Who’s On Your Team?

I just finished watching the last, heart-stopping Olympic hockey game between the U.S.A and Canada. My youngest is a huge, longtime fan of the sport, and over the years he has taught me to enjoy it too. So there I was, cringing and swearing and cheering over each lightning shot that zoomed across the ice.

Throughout it all, I was struck by the laser-like focus and incontestable dedication to the sport that each one of those athletes brought with him to the game. They were all master players competing at the highest level.

Then I started to think about how much behind-the-scenes support they have gotten throughout their lives. Parents, coaches, trainers, consultants, physical therapists, sports psychologists, friends, girlfriends, wives and fellow players are just some of the many who worked hard to help those athletes make it to the podium when the gold and silver were being handed out.

Without a doubt, each player put in the time, made the sacrifices and worked incredibly hard for many years to make a name and a place for himself. But nobody gets to that lofty level on their own.

At that point, I thought of you and how hard you’re working to be the best mom possible to the little charges that have fallen into your lap and your life. And I was wondering, who have you got in your corner? Ever think about that?

It’s a really important question to ask yourself because being a successful parent has to be the hardest job in the world. Sounds cliche, I know, but I honestly do believe it.

Obviously, anyone can take a shot at parenting, but to really pull it off and do it well takes tremendous long-term focus and commitment. And often, mothers are down there in the trenches with very little outside support.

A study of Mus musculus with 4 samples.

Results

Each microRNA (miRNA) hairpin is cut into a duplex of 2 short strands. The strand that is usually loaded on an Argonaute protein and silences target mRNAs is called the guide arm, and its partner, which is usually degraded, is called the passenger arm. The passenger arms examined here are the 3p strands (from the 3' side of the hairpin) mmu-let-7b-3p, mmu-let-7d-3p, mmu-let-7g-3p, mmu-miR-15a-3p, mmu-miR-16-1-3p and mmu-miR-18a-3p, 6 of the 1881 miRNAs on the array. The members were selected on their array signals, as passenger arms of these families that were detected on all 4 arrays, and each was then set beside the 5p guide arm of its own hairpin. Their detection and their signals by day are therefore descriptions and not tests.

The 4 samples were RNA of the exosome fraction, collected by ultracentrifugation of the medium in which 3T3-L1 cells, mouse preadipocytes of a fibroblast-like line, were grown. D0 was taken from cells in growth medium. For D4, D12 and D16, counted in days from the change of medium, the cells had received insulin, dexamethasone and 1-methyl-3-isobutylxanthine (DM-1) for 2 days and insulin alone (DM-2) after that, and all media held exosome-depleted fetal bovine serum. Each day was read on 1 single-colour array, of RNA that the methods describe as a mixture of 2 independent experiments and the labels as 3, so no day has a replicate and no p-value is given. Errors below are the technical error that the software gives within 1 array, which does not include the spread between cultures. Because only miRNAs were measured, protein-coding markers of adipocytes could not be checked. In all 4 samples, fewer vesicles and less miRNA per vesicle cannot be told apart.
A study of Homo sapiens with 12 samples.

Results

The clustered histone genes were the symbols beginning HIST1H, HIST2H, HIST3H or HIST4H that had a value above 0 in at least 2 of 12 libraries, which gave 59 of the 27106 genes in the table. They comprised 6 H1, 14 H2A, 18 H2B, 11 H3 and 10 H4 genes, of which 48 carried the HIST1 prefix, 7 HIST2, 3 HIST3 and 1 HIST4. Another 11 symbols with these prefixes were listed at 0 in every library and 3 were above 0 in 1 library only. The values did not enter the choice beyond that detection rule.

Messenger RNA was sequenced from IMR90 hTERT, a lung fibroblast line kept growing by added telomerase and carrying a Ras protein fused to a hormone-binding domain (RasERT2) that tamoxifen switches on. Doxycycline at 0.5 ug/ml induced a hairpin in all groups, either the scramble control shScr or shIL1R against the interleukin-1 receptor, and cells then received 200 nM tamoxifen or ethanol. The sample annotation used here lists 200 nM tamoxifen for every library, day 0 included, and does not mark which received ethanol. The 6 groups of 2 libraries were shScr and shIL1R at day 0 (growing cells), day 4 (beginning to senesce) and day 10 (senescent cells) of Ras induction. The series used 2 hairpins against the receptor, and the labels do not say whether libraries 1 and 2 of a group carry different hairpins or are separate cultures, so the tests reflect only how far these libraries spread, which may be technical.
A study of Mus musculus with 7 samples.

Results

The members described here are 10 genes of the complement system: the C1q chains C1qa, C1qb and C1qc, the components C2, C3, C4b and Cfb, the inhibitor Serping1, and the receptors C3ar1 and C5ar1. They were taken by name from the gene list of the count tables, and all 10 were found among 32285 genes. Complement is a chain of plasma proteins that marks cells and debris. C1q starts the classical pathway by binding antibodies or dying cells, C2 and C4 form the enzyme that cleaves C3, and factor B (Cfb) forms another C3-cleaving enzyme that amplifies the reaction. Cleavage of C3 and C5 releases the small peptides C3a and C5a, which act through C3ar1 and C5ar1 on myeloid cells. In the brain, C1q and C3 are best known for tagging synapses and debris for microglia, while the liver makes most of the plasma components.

I’m not demeaning husbands or partners. Clearly their contribution is monumental — hopefully. But to be the mom is something different. You’re usually the one doing most of the nurturing, shlepping, disciplining, feeding, comforting, mind reading, and, of course, worrying.

And just in case it isn’t obvious by now, if you want to be truly successful, you’re going to need back up. You’re going to need a team.

So do yourself a favor and start to put together your own handpicked dream team. Draft members who are neither threatened by, jealous of, nor competitive with you. Mix it up. Get a few who are younger, some your own age  and some who are older. It’s fantastic to have one the age of your grandmother – if your own is alive and a true fan of yours, all the better.

The younger ones will give you a chance to teach and demonstrate what you have learned. You’ll be surprised by how much you know and have already mastered. And they will shore up your confidence by marveling at the skill you show in handling what you might think of as a no-brainer in the how-do-I-do-this department.

The ones your age will be up-to-the minute on all the trials and tribulations that are going on in your day-to-day kid-oriented world. They can offer strategies and information and peer support when you need it.

But be sure you’ve got some same-agers who have no children, as well. They can offer a fresh perspective on life and won’t be overwhelmed by the same problem at the same time.

And then be absolutely sure that you find at least one gem of an older mother whose been there already and has kids way beyond where yours are now. Her insight and guidance in everything from relationships, to what it means to be a mother, to cures for the common cold will be invaluable for you.

You need a core group of supporters who care about and are looking after you. Who love you and won’t mind a late night phone call when you’ve lost your confidence or are scared because your child is really sick or you feel wiped out and alone.

Find people who relate to you and who you feel a connection with. Make sure they are stable and want to share time with you and your kids. Stay in touch and let it grow.

Believe me, if you can find the right people to be in your corner throughout these really tough and often baffling parenting years, they will get you to the finish line with your head held high and a smile on your face. And along the way, don’t forget to pass along the favor and join someone else’s team, too.